Survivors of domestic violence overwhelmingly state that spirituality or God was a source of strength or comfort for them. Regardless of their particular religious affiliation, many survivors will be dealing with some aspect of religious beliefs and teachings that will serve either as a resource or a roadblock to freeing themselves from abuse and the effects of abuse. Many survivors will find strength to break free or heal from abusive relationships through their spirituality and/or engagement in religious community. This makes the church’s initial responses to these survivors crucial as we also know that religion can be misused to excuse abusive behavior. Survivors should not be expected to choose between their well-being and their religious community, but often times that is the outcome.
A survey that asked survivors of domestic abuse about their experiences of victimization and their efforts in seeking assistance, found that 40% of them sought assistance from their church or religious counseling following their victimization. I was one of those women. Recipients ranked faith-based counseling among the most helpful services or resources received. Survivors have reported that church support and involvement have been instrumental in their recovery from domestic violence. Religious communities can offer emotional support, a sense of belonging, security and practical assistance to those suffering the effects of abuse. Religious involvement appears to promote greater psychological well-being for domestic violence survivors, including greater quality of life and decreased depression.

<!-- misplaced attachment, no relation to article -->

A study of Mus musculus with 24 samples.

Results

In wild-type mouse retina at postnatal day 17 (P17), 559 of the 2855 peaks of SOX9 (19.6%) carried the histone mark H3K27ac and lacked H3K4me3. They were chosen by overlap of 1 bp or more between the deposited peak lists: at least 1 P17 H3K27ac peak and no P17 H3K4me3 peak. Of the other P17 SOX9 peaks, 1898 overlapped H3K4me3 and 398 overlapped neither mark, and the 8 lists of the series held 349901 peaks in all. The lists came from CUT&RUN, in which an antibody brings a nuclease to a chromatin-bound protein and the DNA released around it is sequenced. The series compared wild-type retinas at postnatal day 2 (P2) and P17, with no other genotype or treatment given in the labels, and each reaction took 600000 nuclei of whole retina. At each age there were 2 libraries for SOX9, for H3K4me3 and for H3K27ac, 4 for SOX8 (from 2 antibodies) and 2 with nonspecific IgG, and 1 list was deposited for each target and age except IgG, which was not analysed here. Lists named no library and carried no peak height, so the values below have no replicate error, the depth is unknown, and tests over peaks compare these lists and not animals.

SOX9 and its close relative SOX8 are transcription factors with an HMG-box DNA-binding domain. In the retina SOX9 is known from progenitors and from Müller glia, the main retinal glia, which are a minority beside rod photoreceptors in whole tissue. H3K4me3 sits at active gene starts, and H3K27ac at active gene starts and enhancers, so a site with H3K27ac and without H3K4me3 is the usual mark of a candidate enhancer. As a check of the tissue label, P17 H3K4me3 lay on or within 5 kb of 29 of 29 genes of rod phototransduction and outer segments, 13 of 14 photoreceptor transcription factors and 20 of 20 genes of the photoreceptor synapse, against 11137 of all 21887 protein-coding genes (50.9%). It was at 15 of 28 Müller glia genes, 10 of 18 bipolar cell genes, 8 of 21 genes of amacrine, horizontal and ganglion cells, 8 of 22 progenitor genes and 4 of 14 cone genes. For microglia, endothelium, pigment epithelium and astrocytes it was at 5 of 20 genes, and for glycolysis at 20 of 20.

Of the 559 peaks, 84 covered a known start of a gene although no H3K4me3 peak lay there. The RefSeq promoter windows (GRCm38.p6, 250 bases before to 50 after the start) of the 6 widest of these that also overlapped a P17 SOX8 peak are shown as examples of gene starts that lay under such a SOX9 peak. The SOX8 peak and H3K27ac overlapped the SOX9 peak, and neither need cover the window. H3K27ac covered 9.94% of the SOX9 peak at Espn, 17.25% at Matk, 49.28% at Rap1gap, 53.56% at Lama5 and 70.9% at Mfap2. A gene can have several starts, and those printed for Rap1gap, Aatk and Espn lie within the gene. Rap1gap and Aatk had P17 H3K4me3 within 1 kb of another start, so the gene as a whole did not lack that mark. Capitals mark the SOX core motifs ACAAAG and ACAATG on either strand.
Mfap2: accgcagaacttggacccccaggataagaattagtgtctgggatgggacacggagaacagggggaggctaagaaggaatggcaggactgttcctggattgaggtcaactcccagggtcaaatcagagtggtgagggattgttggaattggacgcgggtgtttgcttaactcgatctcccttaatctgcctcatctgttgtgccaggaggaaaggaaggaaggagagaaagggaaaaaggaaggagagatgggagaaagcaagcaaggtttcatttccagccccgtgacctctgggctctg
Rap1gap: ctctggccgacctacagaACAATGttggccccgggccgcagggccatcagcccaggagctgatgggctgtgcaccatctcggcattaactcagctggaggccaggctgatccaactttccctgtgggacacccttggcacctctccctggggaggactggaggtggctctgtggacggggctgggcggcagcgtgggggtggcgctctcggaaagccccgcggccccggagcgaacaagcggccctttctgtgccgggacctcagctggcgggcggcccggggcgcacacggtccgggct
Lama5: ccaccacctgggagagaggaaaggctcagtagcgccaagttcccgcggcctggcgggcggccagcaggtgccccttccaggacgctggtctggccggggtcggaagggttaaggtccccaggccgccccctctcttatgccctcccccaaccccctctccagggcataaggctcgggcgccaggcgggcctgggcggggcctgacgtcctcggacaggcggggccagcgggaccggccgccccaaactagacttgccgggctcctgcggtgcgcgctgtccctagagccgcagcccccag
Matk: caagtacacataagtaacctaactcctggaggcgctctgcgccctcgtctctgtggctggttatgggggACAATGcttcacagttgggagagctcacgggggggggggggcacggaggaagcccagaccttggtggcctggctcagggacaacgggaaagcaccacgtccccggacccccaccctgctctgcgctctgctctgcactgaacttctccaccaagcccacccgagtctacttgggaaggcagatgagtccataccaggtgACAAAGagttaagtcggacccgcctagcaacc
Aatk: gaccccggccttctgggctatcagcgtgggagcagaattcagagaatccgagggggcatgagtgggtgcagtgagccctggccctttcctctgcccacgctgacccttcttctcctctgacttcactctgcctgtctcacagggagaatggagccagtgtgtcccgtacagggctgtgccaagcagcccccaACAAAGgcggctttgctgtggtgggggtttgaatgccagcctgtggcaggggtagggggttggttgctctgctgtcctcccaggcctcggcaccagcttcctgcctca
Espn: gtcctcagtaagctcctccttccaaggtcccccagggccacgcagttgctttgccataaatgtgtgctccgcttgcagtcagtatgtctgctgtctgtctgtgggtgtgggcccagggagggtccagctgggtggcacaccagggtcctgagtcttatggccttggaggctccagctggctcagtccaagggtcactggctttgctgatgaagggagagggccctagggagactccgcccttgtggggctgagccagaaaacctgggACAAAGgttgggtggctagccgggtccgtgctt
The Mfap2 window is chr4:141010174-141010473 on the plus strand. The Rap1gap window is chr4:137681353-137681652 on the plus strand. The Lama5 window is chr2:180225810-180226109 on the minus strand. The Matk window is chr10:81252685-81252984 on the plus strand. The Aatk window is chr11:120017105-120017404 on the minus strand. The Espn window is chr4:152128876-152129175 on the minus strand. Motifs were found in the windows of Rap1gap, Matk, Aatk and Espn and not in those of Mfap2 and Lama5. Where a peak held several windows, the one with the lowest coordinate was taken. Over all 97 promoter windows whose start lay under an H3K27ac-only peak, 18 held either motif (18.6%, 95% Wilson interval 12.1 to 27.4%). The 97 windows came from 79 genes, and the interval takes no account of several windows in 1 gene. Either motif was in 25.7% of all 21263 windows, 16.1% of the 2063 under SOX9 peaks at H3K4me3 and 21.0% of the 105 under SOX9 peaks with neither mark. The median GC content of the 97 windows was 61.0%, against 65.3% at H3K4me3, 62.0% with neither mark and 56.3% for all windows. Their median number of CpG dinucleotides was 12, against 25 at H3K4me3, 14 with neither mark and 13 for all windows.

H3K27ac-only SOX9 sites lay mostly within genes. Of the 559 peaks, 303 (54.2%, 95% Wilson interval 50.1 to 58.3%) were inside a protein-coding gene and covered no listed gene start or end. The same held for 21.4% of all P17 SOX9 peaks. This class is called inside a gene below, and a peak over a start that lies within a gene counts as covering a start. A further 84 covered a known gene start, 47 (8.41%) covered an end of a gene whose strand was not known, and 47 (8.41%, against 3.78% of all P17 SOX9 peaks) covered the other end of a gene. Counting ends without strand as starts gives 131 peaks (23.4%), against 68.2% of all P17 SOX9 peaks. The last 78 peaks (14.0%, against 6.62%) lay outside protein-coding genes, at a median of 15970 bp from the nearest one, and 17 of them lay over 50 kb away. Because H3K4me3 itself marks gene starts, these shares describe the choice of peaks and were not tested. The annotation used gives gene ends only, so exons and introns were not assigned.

Religious leaders and secular organizations who collaborate to address domestic violence can help victims heal and recover in a more holistic way. Education and training is very useful for raising awareness of domestic violence as it helps in identifying community resources and building collaborative partnerships between the secular and religious community. Clergy and lay leaders need to hold perpetrators accountable and should condemn abusive behavior. They can simultaneously motivate them to seek help by referring them to community resources. Survivors have given voice as to how the church can be an instrumental component of a survivor’s healing and movement forward. Will the church take notice?
Emmy’s Place walks alongside survivors of abuse to provide a safe place to be heard, to heal, and to learn and grow in faith. We also work with community businesses and organizations to provide practical assistance.